Kings of the Underground | Warsaw Insider
Kings of the Underground Kings of the Underground

This month we look back at the 19th century British family whose lasting local legacy reverberates to this day… By Stuart Dowell

When I came to Warsaw for the first time in the mid-90s and asked people to name famous Brits, many would rightly mention Benny Hill (probably really thinking about Hill’s Angels), Shakin’ Stevens (33 UK top 40 hits and his conviction for drink driving still years away) and Margaret Thatcher, who famously bought some cheese for her husband Dennis from Hala Mirowska in 1988 with the transformation-defining words, “Dennis likes cheese”. Other worthy mentions were received by Prince Charles, who picked up a piece of litter in the Tatras to the whole nation’s embarrassment, and John Lennon, who has a street named after him near Łazienki.

What surprised me greatly was that nobody mentioned the British 19th century engineering family / team comprised of William Lindley and his sons William Heerlein and Joseph who designed and built Warsaw’s sewage and water supply system: still in operation today, they were designated as being a Monument of History by President Komorowski in 2012!

William Lindley was a prolific civil engineer in the second half of the nineteenth century, building railways, gas street-lighting stations, sewage systems and water supply systems in Hamburg, Prague, Warsaw, St. Petersburg and many other cities in between. In 1876-78 he designed Warsaw’s sewage and water supply system, which has ever since been called the Lindley Filters.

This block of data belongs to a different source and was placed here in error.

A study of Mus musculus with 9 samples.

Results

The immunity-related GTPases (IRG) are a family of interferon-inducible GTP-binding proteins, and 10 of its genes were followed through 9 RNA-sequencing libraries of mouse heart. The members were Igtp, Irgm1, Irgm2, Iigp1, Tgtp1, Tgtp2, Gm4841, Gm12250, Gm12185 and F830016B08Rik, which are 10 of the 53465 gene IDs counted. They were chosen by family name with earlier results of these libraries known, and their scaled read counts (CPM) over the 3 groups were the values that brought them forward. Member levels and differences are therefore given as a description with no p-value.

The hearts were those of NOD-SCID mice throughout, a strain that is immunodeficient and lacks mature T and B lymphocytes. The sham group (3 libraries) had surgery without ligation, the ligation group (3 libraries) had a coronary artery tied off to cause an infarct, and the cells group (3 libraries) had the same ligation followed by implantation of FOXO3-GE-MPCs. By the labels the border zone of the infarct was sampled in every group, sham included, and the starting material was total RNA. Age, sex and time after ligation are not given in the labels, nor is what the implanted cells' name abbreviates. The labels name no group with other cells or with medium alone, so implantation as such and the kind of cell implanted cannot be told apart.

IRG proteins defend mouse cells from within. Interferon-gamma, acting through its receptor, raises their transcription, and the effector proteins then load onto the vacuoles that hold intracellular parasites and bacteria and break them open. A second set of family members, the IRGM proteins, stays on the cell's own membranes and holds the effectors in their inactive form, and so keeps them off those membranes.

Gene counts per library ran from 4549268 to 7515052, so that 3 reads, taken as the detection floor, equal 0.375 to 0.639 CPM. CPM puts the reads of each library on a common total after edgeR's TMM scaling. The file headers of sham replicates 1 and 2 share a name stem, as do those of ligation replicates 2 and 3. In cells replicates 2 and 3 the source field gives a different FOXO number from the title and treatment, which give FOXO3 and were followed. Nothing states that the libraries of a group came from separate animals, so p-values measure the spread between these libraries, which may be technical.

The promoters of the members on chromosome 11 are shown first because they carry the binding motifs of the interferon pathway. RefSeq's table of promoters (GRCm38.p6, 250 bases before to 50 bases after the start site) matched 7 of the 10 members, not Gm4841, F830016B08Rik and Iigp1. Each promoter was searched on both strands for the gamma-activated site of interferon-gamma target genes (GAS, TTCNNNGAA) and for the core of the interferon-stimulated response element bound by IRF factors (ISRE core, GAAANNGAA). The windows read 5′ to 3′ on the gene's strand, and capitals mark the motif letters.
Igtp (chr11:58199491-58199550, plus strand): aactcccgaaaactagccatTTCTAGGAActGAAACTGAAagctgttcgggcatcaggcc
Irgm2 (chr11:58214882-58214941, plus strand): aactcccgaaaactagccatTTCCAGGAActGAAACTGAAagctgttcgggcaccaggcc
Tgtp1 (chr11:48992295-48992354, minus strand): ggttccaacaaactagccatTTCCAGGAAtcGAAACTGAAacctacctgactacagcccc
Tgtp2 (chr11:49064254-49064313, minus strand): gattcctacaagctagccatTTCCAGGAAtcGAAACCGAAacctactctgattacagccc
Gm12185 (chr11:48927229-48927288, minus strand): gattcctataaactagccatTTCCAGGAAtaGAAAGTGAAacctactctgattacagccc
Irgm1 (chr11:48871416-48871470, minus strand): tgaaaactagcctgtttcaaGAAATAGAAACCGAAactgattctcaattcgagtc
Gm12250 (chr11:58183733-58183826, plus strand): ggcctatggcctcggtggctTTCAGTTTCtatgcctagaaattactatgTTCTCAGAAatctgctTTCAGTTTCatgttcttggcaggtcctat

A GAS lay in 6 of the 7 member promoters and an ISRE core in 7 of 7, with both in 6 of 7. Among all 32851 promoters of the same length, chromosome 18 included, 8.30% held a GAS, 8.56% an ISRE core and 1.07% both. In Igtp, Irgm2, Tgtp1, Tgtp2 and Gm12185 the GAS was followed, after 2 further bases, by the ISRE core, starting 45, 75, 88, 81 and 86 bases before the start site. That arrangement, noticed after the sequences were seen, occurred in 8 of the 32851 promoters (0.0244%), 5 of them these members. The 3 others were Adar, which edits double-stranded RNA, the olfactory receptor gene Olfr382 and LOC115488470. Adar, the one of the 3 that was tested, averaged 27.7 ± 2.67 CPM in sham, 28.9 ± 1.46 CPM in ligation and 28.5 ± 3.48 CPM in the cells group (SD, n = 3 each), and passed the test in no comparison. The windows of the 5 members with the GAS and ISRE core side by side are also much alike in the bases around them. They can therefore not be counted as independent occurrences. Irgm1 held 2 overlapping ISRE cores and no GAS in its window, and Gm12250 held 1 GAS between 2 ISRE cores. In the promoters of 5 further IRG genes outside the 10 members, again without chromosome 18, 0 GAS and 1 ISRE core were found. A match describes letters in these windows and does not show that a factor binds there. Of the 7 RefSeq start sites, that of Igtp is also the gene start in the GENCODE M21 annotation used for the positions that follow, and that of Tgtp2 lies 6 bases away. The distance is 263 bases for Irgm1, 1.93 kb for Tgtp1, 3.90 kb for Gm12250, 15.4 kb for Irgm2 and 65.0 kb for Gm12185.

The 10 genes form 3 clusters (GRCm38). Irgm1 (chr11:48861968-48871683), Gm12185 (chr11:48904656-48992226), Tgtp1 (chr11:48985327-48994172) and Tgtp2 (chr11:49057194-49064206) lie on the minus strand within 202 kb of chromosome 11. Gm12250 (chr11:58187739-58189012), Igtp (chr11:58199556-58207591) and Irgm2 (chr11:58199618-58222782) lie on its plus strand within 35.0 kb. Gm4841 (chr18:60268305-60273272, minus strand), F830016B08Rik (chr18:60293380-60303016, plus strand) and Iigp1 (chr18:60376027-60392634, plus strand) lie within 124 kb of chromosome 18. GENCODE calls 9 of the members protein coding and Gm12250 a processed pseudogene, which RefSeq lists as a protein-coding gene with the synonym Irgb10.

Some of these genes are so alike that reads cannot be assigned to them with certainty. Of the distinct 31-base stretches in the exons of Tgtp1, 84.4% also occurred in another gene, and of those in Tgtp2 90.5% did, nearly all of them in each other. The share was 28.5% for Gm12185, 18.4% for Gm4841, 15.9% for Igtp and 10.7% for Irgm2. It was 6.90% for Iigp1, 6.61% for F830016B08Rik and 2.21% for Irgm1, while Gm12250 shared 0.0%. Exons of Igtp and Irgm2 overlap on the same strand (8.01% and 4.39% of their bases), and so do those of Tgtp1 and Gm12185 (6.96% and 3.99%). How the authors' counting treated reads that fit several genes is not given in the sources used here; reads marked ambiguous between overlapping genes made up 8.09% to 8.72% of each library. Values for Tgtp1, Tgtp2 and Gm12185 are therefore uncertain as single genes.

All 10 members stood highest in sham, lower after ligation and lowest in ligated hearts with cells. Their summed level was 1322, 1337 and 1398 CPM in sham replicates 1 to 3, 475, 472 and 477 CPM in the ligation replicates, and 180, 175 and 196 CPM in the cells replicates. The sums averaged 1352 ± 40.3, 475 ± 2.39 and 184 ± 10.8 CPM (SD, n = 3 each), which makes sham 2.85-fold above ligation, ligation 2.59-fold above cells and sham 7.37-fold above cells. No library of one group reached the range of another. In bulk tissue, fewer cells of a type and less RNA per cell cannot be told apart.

The actual building work was supervised by his two sons William Heerlein and Joseph Lindley and included a network of sewer tunnels many kilometres in length that were famously used by Home Army insurgents in the Warsaw Uprising as they were the only way the fighters could move around the city and communicate with each other. The conditions in the tunnels at that time were depicted brilliantly by Andrzej Wajda in his film Kanał.

The whole system represented a civilisational leap for the people of Warsaw as it provided them with a sufficient supply of clean, treated water. During the building, great emphasis was placed on details and the use of high-quality materials. The filters are occasionally open to visitors and anyone lucky enough to get a ticket will be struck by their uniform beauty and the quality of the work.

Another part of the Lindley Filters is the River Pump Station on the Wisła’s left bank, which using a system of suction pumps drew water out of the Wisła and sent it to the filters to be treated. The suction pumps are known as Lindley’s dragons and due to the river’s historical low level at present, some of them can actually be seen above water level. In recognition of their work, the Lindleys have a street named after them running north from the filters, while William Heerlein Lindley has a splendid statue and bench in his honour in the New Town made up of pumps, tubes and even running water.